How to Take Strokes off your Golf Game
by Mastering the Mental Part of It

Monty Bryan

The game of golf can be broken down into two parts: muscle memory and the mental game. Muscle memory is simple. So long as you have a decent swing you can lower your handicap by increasing your muscle memory and you do that by, of course, putting in range time. By contrast, the mental game is something that is as complex as the human mind itself and even professional golfers who have muscle memory down could endure occasional breakdowns of their mental games. How, then, is an amateur like you supposed to master the mental game? Well, a number of mental practices you can put in your bag will shave more strokes off your game then any gimmicky golf ball.

The mental game has multiple layers of depth just like the human mind. First, let's discuss your rational mind and what it has to do with course management. If you don't play very often, or even if you do, you have probably noticed a heightened sense of awareness on the golf course at times; not just when you notice the birds chirping or the wind blowing -- it's more than that. You get in a zone of thinking like a pro. That means you know your exact yardage, which way the wind is blowing, out of bounds is to the right, sand traps are short left, long is bad, you have a flier lie, the air is heavy and last time you hit a seven iron from the same spot you came up short. Making this mental address to the golf ball is every bit as important as hitting the right club. Smart folks say that what determines a decent round is not how good your good shots are, but rather how bad your bad shots are; you must take every measure to increase your chance of success if you don't hit a perfect shot.

Next, you have to tackle you harsh golf superego and subdue its power. Often your golf superego can make you suffer from a "Tyranny of Shoulds." If you are like most of us, you have probably suffered from an inter-dialogue on the golf course in which you berate yourself for not performing the way you should. Not only is this a surefire way to ruin a good time, it will have a tremendous effect on your stoke average. Thinking too far ahead on the golf course can actually put you behind and will most certainly throw you off your game. Perhaps the most bankable skill possessed by great golfers is their ability to quiet the mind. To them, every single shot is a new game of golf. This advice may seem contradictory to tips given the prior paragraph, but it is not. On your rational surface level, you are considering golf course management, but now you are a level deeper in focus, the rational brain has said its piece and you are focused solely on making the shot. Just like all good decisions are born from a peaceful and focused mind so is all good shot making.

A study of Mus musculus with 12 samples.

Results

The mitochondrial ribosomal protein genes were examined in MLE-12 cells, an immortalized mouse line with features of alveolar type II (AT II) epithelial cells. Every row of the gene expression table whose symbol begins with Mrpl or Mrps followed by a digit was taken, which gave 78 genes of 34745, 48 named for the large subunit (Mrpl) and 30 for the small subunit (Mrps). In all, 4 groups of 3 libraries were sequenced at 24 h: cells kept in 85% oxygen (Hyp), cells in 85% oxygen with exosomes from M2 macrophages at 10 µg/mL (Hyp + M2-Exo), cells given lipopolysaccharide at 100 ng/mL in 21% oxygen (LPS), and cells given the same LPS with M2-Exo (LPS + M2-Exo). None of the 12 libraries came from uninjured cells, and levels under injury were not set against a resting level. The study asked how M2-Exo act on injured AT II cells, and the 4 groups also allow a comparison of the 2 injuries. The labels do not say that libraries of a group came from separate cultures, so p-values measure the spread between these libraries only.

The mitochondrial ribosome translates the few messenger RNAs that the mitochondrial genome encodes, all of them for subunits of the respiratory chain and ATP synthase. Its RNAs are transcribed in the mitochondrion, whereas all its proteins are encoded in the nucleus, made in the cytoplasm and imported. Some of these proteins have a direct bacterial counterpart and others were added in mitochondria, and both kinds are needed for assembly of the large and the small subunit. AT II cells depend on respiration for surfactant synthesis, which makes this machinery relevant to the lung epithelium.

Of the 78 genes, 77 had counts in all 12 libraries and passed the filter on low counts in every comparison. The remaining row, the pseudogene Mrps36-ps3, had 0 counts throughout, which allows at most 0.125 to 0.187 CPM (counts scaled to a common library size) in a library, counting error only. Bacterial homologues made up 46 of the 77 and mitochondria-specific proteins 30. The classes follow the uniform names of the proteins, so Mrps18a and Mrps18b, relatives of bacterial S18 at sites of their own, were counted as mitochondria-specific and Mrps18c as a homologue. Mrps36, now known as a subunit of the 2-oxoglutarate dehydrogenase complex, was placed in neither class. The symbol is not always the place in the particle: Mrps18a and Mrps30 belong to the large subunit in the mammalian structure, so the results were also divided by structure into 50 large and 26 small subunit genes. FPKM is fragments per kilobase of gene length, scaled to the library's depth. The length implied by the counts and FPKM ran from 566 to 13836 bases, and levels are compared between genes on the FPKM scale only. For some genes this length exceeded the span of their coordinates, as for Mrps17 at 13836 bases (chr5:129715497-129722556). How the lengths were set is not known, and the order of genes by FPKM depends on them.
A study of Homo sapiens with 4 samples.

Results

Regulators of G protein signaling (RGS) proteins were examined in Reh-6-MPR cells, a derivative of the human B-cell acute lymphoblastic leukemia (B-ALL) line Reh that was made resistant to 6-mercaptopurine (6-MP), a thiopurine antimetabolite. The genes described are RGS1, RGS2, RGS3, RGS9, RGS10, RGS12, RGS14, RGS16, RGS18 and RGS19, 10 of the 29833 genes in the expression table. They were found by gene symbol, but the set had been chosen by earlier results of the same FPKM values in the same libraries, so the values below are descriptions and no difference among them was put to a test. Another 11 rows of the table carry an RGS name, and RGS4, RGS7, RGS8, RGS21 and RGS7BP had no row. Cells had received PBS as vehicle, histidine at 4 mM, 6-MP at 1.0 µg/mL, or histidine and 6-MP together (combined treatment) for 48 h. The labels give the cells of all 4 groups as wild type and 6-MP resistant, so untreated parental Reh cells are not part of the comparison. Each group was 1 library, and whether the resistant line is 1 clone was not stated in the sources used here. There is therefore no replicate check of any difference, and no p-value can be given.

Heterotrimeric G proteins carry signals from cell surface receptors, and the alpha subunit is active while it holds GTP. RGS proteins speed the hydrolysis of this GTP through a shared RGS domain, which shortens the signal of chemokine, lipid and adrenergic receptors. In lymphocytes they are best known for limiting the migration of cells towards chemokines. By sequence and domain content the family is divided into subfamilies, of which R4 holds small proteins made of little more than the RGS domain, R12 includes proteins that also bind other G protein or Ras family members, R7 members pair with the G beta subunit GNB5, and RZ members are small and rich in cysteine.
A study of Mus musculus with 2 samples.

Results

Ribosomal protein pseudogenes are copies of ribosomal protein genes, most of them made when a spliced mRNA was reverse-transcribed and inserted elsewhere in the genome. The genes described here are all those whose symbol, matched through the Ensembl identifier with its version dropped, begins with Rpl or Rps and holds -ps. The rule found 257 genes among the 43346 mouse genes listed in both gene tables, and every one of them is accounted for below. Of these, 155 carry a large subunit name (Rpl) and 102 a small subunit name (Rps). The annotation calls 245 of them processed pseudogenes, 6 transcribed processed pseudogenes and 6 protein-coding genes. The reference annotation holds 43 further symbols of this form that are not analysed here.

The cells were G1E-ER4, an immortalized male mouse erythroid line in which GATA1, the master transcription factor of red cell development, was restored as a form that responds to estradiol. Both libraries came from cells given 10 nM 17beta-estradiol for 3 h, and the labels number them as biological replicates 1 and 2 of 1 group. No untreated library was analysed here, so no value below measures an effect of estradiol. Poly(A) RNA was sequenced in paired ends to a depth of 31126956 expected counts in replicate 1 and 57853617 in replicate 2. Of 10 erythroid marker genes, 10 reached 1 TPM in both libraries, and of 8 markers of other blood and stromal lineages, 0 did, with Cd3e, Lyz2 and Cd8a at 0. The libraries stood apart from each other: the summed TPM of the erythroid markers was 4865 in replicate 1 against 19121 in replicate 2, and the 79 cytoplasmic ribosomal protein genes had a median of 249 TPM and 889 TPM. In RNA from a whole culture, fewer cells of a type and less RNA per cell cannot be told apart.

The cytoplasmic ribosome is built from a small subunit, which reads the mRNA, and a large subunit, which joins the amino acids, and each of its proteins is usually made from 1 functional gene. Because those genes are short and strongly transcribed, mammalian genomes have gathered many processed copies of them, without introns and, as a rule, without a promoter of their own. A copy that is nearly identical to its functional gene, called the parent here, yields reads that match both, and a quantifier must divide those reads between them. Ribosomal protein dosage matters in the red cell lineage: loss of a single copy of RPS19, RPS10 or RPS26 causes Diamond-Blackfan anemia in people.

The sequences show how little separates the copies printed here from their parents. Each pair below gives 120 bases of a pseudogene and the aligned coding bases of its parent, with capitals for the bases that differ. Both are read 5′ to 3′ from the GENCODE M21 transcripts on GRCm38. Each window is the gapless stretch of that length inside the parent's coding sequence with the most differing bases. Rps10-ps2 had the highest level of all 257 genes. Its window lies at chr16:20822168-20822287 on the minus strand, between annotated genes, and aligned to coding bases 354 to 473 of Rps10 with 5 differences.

However, none of these states of mind are achievable if they are not built on a solid foundation of gratitude. What does that mean? Someone once said, "Golf is a good walk spoiled." It sure can be if you don't cultivate a mentality of gratitude. When you get to the first tee box take a minute to appreciate all that is taking place; you are playing a game with your buddies for a few hours, the air smells fresh, you have 18 holes in front of you to make good shots and a 19th hole if you need to drown a bad outing in a whisky sour. Regardless of anything, you are privileged to spend a few hours of life playing one of the greatest games on earth. If you can truly achieve that feeling inside your body, that my friend, is the fulfillment of your deepest level -- the golfer's soul.

Learn how to mentally improve your golf game - seven secrets to dramatically improve your golf game from Monty Bryan, President of ReFiner Golf. Visit to learn more and to improve your golf swing.